Sunghwan Jung, Virginia Polytechnic Institute and State University
Annual Report (PRF# 52332-DNI9)
A bubble-particle interaction and interfacial fluid dynamics play important roles in understanding multiphase flows occurring in many industrial processes like petroleum purification processes. Our studies integrated experimental and theoretical approaches to explore these specific tasks: 1) Understand how a macroscopic bubble interacts with a particle, 2) determine the condition for interfaces to coalesce or bounce, and 3) understand the dynamics of a thin liquid film.
Task 1) Bubble-particle interaction in a thin fluid (Hele-Shaw) cell [On-going project]
In this task, we investigate how a bubble interacts with a particle at different speeds, angles, and sizes. For a better control of an experiment, a thin fluid chamber (often called a Hele-Shaw cell) is designed for a bubble and a particle to travel in a quasi 2D space. We examined the dynamics that a single bubble interacts with a small particle.
In preliminary results, we have observed two different states: one penetrating state and the other sliding state. The penetrating state is when a particle pierces through a bubble and eventually breaks into two daughter bubbles. The sliding state is a particle slides on the side of bubble without a penetration. The particle is attached to the bubble likely in the sliding state, but is possibly detached again depending on the relative speed of collision. Transition from the sliding to the penetration states is dictated by a Weber number (a ratio of inertia to surface tension) and an impact location as illustrated in the figure.
Task 2) Non-Coalescence & coalescence fluids [Published in Physical Review Letters, 2013]
When two fluid jets collide, they can bounce off each other, due to a thin film of air which keeps them separated. We describe the stable non-coalescence phenomenon between two jets of the same fluid, colliding obliquely with each other. Using a simple experimental setup, we carry out a parametric study of the bouncing jets by varying the jet diameter, velocity, collision angle, and fluid viscosity, which suggests that the contact time of bouncing jets scales as the square root of the normal Weber number (We). A dimensionless parameter K = (We (Re)1/2 / sin 𝛼)1/2, where Re is the normal Reynolds number and the collision angle of the jets, quantitatively captures the transition of colliding jets from bouncing to coalescence. This parameter draws parallels between jet coalescence and droplet splashing, indicating that the transition is governed by a surface instability. Stable and continuous non-coalescence between fluid jets makes it a good platform for experimental studies of the interaction between fluid interfaces and the properties of interfacial dynamics.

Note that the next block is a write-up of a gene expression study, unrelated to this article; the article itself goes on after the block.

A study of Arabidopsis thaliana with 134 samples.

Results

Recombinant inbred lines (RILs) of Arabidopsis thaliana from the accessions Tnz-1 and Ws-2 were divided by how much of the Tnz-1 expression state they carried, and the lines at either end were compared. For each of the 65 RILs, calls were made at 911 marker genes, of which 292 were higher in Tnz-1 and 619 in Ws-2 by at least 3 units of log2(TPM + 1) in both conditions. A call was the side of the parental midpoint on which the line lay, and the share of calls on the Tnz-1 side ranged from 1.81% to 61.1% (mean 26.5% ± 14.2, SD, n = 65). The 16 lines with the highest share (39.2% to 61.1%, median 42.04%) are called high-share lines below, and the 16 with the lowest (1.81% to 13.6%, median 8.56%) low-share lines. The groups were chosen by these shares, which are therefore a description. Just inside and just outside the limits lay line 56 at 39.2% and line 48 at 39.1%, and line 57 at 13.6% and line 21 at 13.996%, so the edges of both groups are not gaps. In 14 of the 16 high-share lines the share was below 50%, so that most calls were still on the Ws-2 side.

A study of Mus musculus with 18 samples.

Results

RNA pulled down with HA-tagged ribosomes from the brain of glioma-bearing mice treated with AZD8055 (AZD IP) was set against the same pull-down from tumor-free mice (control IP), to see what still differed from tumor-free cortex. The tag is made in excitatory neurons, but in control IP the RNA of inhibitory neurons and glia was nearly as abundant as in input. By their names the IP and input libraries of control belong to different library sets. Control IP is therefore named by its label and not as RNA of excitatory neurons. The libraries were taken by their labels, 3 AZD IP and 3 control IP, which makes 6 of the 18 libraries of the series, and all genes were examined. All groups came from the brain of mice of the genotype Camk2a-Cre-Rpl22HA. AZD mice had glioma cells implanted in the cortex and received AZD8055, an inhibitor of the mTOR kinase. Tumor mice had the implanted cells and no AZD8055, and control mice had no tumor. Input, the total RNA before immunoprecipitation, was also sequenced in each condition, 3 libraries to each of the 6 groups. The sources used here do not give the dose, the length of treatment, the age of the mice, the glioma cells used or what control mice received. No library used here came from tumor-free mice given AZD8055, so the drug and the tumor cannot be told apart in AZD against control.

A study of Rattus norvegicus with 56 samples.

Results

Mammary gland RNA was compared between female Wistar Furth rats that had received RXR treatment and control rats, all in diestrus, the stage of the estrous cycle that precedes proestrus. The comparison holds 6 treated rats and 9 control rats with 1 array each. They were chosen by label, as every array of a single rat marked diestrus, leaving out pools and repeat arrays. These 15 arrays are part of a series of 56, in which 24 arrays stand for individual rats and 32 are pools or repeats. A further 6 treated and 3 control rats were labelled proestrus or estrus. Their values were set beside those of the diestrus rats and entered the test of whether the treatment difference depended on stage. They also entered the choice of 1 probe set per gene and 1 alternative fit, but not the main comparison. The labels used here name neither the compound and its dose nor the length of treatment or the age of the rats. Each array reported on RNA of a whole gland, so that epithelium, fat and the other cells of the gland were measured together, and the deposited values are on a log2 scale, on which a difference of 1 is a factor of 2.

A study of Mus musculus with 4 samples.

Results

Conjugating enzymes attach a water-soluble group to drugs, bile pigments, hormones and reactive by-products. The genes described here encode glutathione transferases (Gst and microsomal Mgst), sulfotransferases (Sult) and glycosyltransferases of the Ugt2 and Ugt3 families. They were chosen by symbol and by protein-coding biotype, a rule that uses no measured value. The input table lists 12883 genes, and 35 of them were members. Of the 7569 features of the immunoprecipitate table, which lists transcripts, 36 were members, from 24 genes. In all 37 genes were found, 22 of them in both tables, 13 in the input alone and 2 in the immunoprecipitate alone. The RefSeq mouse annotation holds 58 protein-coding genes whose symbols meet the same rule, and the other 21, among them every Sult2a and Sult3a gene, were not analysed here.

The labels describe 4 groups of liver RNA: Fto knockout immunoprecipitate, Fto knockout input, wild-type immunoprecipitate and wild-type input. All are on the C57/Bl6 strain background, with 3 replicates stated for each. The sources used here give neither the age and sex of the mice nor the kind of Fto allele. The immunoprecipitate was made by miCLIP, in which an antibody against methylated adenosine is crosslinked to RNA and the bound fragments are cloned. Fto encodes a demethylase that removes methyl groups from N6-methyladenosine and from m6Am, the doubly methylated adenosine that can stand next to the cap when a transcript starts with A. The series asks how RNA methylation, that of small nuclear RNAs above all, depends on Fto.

Task 3) Squeezing thin fluids [Published in Physical Review E, 2013]
Droplets splash around when a fluid volume is quickly compressed. This phenomenon has been observed during common activities such as kids clapping with wet hands. The underlying mechanism involves a fluid volume being compressed vertically between two objects. This compression causes the fluid volume to be ejected radially and thereby generate fluid threads and droplets at a high speed. In this study, we designed and performed laboratory experiments to observe the process of thread and drop formation after a fluid is squeezed. A thicker rim at the outer edge forms and moves after the squeezing, and then becomes unstable and breaks into smaller drops. This process differs from previous well-known examples (i.e., transient crown splashes and continuous water bells) in aspects of transient fluid feeding, expanding rim dynamics, or sparsely distributed drops. We compared experimental measurements with theoretical models over three different stages; early squeezing, intermediate sheet-expansion, and later break-up of the liquid thread. In the earlier stage, the fluid is squeezed and its initial velocity is governed by the lubrication force. The outer rim of the liquid sheet forms curved trajectories due to gravity, inertia, drag, and surface tension. At the late stage, drop spacing set by the initial capillary instability does not change in the course of rim expansion, consequently ﬁnal ejected droplets are very sparse compared to the size of the rim.
In this first year of the project, we have developed both experimental setups and computational models for coalescence and thin-film dynamics. We have focused on more fundamental aspects of multiphase flows. This ACS PRF helped us to understand the underlying fluid mechanics in multiphase fluids as the first step in proposed works. Moving to the next year, we will further design a series of experiments to explore various regimes of bubble-particle interactions.
This award supported two graduate students and two short-term postdoctoral researchers. One graduate student led one published article under the fund support, and the other student is currently working on the bubble-particle in a thin fluid cell and other experiments this coming year. Also, we attended national meetings and conferences to disseminate our results to scientific communities.